One of the most common, yet heart-breaking, narratives of so many brain injury survivors' journeys is the loss of relationships. There are multiple reasons why this happens, but the outcome is invariably that the survivor feels like they are unwanted, and their self-esteem is negatively impacted.
I know, because it happened to me too.
In my case I had some literally turn against me as if I was suddenly the enemy, whereas those who were compassionate and supportive I pushed away because I didn’t want them to ‘waste’ their time on me, as I truly thought I was hopeless.
Stop listening to your inner critic:
“You have nothing to offer.”
“You’re boring because you don’t have anything to talk about other than your injury.”
“It’s better you just stay out of the way, because you’re a burden.”
These are all things the little internal voice kept telling me, and I believed it... for a while. All of these statements, which I took as wise insights, were just a pack of lies. But when my social life started to fall apart, I was using some of those negative real-life experiences to corroborate what my inner critic was telling me. It wasn’t true, but that’s how we can form thought patterns which are unhelpful and unhealthy.
How to break the downward spiral
The good news is that you can change this! Yes, I still have my bad days – but so does everyone. Here’s how I managed to make my good days outnumber them:
1. Recognise that just because you think it, that doesn’t make it true
People used to think the world was flat. Does that mean it was a deflated beach ball that we had to pump up when we decided it was round? No of course not. The original thought just wasn’t true.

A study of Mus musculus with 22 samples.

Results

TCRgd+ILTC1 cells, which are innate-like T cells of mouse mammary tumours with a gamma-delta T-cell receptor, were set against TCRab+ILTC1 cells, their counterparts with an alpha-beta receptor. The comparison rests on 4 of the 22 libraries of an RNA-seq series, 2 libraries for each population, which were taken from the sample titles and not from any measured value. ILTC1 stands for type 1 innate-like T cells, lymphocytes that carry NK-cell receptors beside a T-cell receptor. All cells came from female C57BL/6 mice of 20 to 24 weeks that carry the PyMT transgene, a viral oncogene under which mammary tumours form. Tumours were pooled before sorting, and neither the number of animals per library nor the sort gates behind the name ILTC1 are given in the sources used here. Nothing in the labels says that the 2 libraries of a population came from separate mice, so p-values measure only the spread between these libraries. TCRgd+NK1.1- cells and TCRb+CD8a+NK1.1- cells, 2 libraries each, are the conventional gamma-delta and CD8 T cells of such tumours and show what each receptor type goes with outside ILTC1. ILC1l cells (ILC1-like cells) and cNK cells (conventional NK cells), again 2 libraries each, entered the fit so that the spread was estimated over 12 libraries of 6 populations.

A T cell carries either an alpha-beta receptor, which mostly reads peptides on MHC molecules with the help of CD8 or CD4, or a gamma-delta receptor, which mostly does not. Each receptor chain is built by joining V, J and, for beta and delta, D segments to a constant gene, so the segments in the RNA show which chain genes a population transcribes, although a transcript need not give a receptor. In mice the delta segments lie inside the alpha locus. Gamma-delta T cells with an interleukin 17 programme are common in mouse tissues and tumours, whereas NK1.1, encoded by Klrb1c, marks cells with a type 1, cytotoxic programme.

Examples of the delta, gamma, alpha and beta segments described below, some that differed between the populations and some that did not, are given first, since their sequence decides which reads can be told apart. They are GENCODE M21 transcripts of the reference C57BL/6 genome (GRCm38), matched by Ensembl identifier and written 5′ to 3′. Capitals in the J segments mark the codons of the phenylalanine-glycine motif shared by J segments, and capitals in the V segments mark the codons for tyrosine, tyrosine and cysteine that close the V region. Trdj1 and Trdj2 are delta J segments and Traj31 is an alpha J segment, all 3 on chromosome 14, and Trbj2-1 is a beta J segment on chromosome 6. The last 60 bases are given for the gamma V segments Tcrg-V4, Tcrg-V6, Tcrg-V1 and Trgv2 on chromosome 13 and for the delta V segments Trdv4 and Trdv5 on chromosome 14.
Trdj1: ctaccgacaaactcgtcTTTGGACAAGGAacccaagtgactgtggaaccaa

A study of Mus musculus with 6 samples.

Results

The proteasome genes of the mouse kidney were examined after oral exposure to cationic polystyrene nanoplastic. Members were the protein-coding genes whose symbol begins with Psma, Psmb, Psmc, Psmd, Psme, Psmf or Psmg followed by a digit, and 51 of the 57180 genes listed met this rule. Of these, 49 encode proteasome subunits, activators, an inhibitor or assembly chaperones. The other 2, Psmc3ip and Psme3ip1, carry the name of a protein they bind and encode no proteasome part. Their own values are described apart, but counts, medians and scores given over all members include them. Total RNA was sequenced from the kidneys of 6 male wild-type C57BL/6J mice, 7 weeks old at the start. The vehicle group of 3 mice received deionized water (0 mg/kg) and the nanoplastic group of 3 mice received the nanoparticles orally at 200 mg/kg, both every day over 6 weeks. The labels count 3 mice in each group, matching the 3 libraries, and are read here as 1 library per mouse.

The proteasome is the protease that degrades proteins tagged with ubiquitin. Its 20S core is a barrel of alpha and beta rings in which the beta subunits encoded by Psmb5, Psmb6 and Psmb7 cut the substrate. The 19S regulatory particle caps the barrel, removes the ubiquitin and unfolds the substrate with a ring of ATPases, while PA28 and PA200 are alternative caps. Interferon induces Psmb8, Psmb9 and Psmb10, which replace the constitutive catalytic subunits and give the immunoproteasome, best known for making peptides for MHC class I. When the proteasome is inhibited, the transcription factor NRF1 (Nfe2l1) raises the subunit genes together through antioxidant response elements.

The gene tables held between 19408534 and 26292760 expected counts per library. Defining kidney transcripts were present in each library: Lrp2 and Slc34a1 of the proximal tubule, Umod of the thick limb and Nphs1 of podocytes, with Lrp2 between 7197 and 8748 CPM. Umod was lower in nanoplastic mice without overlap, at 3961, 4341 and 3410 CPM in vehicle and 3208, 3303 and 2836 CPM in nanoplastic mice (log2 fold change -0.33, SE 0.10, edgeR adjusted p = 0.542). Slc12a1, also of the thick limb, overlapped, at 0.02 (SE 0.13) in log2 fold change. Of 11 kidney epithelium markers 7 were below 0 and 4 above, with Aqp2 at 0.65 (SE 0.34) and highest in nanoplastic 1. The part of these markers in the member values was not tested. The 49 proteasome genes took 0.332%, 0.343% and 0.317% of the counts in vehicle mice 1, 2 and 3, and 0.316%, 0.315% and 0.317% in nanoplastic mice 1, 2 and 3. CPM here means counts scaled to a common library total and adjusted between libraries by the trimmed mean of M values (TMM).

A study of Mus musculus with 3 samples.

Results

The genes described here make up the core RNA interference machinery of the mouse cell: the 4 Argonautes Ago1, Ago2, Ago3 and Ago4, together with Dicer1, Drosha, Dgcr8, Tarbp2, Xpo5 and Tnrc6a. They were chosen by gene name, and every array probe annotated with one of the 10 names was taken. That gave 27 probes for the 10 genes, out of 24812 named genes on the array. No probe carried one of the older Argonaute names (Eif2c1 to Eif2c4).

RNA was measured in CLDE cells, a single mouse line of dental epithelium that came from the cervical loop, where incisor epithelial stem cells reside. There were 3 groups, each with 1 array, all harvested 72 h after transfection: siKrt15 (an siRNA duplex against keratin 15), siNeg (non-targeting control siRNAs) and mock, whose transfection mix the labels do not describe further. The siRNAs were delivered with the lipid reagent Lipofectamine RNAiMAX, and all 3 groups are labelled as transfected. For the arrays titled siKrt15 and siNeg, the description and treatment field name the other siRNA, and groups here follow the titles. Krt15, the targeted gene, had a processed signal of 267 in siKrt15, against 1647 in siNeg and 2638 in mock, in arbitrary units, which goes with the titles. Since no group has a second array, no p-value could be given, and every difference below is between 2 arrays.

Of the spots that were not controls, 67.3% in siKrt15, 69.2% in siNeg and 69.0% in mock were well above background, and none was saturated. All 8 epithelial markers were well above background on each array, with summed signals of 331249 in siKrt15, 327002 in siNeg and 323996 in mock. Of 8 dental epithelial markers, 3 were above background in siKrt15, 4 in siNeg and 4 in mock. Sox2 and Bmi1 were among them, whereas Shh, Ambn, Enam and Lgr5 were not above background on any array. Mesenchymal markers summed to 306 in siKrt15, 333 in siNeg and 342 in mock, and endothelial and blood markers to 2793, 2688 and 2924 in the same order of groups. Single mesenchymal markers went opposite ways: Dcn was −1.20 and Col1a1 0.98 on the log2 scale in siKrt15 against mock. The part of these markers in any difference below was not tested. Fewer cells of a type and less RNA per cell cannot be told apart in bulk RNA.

2. Celebrate all small wins
Keep a journal of all the things that you achieve, no matter how small. You managed to make lunch? You remembered to take the dog for a walk? You read a bit more of that book you’re currently on? These are all positives that you should be giving yourself a pat on the back for.
3. Be your own best friend
We say things to ourselves that we wouldn’t say to a mate, so when your inner critic pipes up, kick it to the curb! Talk to yourself how you would if a friend had turned to you for help.
Neuroplasticity will retrain your brain to stop giving you such a hard time. If you challenge your negative thoughts regularly, you train your brain that they are not the ones to believe. It’s not easy, and it takes practise, but you can build a more positive self-image and improve your self-esteem.
By Michelle Munt
Michelle sustained a serious brain injury in a car accident back in December 2014. She writes a brain injury blog called Jumbled Brain (at: www.jumbledbrain.com) where she shares her experiences, insights and tips. She also works to raise awareness of the effects of brain injury in the wider community and helps to support others on their journey to recovery.